By Andrew Wilson
This summer, a Harvard Business Review case study presented the dilemma of a modern dance company caught between their mission to grow and enter new markets, and their mandate to remain creative and groundbreaking. The arguments on both sides are pretty compelling. A new employee pleads her case that the dance company needs to know who their customers are and what they want, while the Company’s founder argues this information would be detrimental to creating challenging dance performances— “if we ask them what they want, we’ll end up doing Swan Lake every time.”
Conversations like these aren’t just happening in the halls of fictional dance companies, they’ve been challenging companies for at least a century. Take this quote from Steve Jobs, founder of what is arguably the most consistently innovative company today:
We figure out what we want. And I think we’re pretty good at having the right discipline to think through whether a lot of other people are going to want it too. That’s what we get paid to do. So you can’t go out and ask people, you know, what’s the next big [thing]? There’s a great quote by Henry Ford, right? He said, ‘If I’d have asked my customers what they wanted, they would have told me ‘A faster horse.’ [2008 Interview with Fortune magazine]
In the past several years, I’ve sat in on talks, read articles, and spoken to lots of product developers who now feel that research and talking with customers provides little, if any, value. They invariably point to Apple or that ubiquitous Ford-ism, but it seems to me that those who are dead set against customer research are missing the point. It’s not the customers’ job to develop the solution, it’s simply the customers’ job to tell you about their experiences and what they’re trying to accomplish. In the famous quote by Henry Ford, the takeaway isn’t that they should develop a faster horse. Instead, it’s that people want to travel faster, and Ford came up with a better solution.
Let’s look at Apple, for example, if you take the latest version of the iPad, you’ll see they haven’t ignored customers at all. People are more connected today than at any other point in history; our desire to connect with people and share, access, purchase, and manage media/content from anywhere at any time has only grown stronger with time. Recognizing these trends, Apple made an incremental shift in current tablet technology and created a game-changing product. The iPad might not be the perfect device for every user, but it performs great on attributes that allow us to connect with one another and consume content.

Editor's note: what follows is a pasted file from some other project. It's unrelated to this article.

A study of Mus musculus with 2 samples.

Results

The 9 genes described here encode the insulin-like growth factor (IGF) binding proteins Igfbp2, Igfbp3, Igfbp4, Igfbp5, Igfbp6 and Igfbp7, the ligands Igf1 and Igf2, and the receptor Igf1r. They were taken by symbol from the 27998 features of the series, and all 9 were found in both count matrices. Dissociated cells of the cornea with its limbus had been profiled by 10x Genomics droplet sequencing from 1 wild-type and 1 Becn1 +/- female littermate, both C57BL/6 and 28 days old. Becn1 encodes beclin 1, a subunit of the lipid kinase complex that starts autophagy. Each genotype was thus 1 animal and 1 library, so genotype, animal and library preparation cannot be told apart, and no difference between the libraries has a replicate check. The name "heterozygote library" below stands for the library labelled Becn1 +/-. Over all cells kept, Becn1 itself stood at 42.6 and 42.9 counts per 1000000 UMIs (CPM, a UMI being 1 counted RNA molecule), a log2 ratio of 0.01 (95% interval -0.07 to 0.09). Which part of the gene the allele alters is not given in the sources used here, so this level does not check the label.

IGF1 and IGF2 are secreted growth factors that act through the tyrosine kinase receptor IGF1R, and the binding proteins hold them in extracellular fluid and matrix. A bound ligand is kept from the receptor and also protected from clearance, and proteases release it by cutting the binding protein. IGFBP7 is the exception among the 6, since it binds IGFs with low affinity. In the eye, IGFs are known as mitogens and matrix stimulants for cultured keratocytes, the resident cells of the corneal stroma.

What makes Apple special is their ability to anticipate needs becoming more important and that's what they did in the case of the iPad. But they don't just understand the customer needs from a macro level, they have a complete and nuanced understanding of the detailed needs that make up the entire customer experience. So when it came time to build the next generation of tablets, they made the right decisions about screen size, processing speed, connectivity options, virtual keyboard size, touch screen sensitivity, gestures, etc., because they knew what mattered to customers. The customers’ experience was the driving force behind those decisions. This vision allows Apple to consistently churn out game-changers.
But donning a black turtleneck and taking the buttons off of your products won’t get you the next iPad. While Apple may not engage in typical customer experience research, they have a culture that is customer focused from top to bottom. Their product development process is motivated, from concept to implementation, by the goal of providing seamless, user experience. Apple’s greatest innovations—the iPod, iPhone, and iPad—embrace simplicity and usability. Uncovering customer needs and creating products and services to meet them doesn’t require one of the greatest visionaries of all time, it can come through comprehensive customer experience research.
So we’re back to our dance company. How can they maintain their desire to grow with their commitment to boundary breaking dance? The answer is customer research that identifies all of the customer wants and needs for a given product/service, and then tells you which ones matter the most. Show goers may say they want to see Swan Lake, but do they really mean they want to recreate a powerful experience they had the first time they saw dance? Customer research that focuses on needs is a powerful tool, and critical to innovation whether developing a dance program or building a new processor. By knowing what matters to customers, organizations can discover unmet needs, find opportunities for disruptive innovation, know where to focus resources, and set the foundation for developing game-changing products and services
Needs based customer research is not about asking the customer to dream up the next new product, feature, or technology. Nor is it about learning new ways to sell customers products they don’t really want. It’s a proven method to help organizations connect with their customers and focus on what matters to them. Apple’s success is based on a fundamental and detailed understanding of their customers. Do you understand your customers in that way—or are you giving them Swan Lake?
Posted by Andrew Wilson, Andrew is an Account Director at CMB, he isn't sure about modern dance but awaits the iPad Mini with baited breath.